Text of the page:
Can Whole Foods turn itself around?

Don't spend whole paycheck on Whole Foods
Don't spend whole paycheck on Whole Foods

Once the King of Kale, Whole Foods is now fighting to maintain its share of an increasingly crowded market for healthy food.

Whole Foods, the leading organic grocery chain, with 388 stores in North America and the United Kingdom, reported tepid sales growth and a cautious outlook for the next quarter late Wednesday.

Shares of Whole Foods (WFM) sank more 3% on Thursday on the news. The stock is now down 35% this year, making it one of the worst performers in the S&P 500.

Whole Foods said comparable store sales increased just 3.9% in its most recent quarter. That's far below Whole Food's long-term target of 6% growth.

The Austin-based company has been at the forefront of the shift in Americans' eating habits towards organic produce, dairy products from grass-fed cows and non-genetically modified proteins. But as demand for high quality food has increased, so have the number of specialty stores seeking to cash in on the trend.


Kroger (KR), America's largest supermarket chain, has been stepping up its presence in the organic market as well. So are big-box retailers Wal-Mart (WMT) and Target (PBCFX).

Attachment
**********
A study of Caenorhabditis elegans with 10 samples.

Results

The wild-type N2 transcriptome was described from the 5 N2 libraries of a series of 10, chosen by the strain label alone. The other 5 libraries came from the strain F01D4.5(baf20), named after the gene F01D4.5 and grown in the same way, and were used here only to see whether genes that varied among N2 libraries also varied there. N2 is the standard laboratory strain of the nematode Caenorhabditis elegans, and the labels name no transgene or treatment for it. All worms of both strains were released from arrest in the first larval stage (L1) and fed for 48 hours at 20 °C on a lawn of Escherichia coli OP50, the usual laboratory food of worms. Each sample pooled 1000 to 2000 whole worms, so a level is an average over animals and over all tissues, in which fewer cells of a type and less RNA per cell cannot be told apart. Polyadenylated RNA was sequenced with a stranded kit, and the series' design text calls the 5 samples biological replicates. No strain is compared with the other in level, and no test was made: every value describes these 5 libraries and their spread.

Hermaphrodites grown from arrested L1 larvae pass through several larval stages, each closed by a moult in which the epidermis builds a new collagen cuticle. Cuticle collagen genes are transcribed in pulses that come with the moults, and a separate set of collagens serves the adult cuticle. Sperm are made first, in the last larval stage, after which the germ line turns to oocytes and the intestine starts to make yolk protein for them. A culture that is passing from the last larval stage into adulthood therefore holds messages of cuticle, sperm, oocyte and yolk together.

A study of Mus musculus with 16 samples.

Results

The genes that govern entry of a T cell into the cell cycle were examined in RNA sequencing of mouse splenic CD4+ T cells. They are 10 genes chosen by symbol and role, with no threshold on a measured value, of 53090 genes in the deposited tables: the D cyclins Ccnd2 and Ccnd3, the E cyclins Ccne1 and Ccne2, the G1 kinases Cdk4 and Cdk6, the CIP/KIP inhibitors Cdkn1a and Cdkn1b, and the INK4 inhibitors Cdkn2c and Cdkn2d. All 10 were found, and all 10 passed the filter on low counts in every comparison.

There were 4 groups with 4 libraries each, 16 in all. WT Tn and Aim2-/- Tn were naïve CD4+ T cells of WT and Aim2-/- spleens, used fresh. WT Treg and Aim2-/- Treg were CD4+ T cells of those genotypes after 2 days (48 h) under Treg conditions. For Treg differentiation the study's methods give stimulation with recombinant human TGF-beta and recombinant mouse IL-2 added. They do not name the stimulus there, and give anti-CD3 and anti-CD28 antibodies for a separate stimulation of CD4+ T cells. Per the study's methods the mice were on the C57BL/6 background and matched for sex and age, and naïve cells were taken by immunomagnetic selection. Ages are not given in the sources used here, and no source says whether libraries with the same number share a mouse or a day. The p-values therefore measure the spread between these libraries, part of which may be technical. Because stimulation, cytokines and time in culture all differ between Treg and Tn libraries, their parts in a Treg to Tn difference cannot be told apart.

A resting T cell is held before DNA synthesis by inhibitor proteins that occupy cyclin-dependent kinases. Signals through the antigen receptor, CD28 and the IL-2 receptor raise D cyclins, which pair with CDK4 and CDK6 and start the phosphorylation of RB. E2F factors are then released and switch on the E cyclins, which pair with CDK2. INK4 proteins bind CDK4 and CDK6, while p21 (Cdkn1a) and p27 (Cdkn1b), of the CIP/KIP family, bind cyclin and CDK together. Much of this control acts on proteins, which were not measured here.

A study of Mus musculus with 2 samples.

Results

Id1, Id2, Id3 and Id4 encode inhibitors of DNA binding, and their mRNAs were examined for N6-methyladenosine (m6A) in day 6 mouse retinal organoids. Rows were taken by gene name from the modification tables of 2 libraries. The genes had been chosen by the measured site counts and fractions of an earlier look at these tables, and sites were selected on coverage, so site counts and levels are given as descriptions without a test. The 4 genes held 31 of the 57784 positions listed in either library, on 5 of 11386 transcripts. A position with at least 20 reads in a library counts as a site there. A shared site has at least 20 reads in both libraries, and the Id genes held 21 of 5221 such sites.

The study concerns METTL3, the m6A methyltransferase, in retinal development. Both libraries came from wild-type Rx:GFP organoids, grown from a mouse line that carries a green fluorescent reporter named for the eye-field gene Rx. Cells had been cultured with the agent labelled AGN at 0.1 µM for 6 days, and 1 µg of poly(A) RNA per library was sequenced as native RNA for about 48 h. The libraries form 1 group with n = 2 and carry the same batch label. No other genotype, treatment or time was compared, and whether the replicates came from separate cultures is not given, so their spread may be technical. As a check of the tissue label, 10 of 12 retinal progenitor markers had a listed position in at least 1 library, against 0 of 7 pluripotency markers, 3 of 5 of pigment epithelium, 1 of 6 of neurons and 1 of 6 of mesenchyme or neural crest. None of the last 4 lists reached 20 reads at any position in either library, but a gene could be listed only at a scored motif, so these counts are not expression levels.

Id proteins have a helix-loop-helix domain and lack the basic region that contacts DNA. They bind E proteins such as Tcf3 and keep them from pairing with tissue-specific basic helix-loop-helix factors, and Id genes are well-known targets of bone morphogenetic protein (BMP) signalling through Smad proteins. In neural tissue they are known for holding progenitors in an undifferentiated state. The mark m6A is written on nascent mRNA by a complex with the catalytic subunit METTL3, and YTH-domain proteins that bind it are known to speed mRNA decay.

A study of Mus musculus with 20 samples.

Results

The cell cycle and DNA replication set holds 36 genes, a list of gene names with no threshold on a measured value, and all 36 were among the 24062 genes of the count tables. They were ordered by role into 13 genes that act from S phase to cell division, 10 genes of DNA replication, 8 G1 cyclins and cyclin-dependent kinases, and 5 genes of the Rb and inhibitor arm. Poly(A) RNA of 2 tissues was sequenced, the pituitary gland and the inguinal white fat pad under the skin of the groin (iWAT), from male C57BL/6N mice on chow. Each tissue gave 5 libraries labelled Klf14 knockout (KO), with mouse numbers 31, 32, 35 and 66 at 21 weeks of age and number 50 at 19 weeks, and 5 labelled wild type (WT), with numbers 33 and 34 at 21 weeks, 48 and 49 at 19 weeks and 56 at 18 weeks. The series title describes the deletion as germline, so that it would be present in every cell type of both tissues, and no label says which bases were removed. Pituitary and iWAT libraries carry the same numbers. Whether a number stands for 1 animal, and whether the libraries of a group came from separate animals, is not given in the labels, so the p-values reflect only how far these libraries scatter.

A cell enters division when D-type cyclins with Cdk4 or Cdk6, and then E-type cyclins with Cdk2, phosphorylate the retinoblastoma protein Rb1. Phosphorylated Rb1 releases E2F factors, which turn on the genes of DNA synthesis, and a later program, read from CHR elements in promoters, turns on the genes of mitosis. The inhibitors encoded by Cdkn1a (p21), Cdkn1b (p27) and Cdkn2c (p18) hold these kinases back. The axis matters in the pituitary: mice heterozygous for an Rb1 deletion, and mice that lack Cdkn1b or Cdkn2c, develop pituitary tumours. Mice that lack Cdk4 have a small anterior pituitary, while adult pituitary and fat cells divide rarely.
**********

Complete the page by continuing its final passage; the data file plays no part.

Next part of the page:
The sell-off has even prompted rumors that Whole Foods could be a takeover target.

In response, Whole Foods unveiled a number of new initiatives Wednesday aimed at "differentiating" its brand highlighting its "value" offerings.

Whole Foods plans to open a total of 38 new stores this year and will remodel stores that are 10 years old. It is also rolling out a national advertising campaign this fall and is experimenting with home delivery and online ordering.

Walter Robb, co-chief executive of Whole Foods, said the company is "seeing signs of stability in our sales trends and our strategic initiatives will help generate further momentum."


But analysts seem skeptical.

"While [Whole Foods] is taking action to address sales weakness, we do not expect progress on these initiatives to meaningfully benefit comparable store sales in the near term," said Joe Agnese, an analyst at S&P Capital IQ.

The company did a good job managing its expenses in the past quarter, but the new initiatives and store openings could put pressure on profit margins going forward, according to analysts at Credit Suisse.

Even with the recent decline, Whole Foods stock still doesn't look cheap, according to analysts at Jefferies. Whole Foods currently trades at nearly 23 times next year's earnings estimates, compared with about 15 for the S&P 500.

Still, some analysts believe the company is moving in the right direction.

Kate Wendt, an analyst at Wells Fargo Securities, said the steps the company is taking make the case for renewed sales growth "more credible."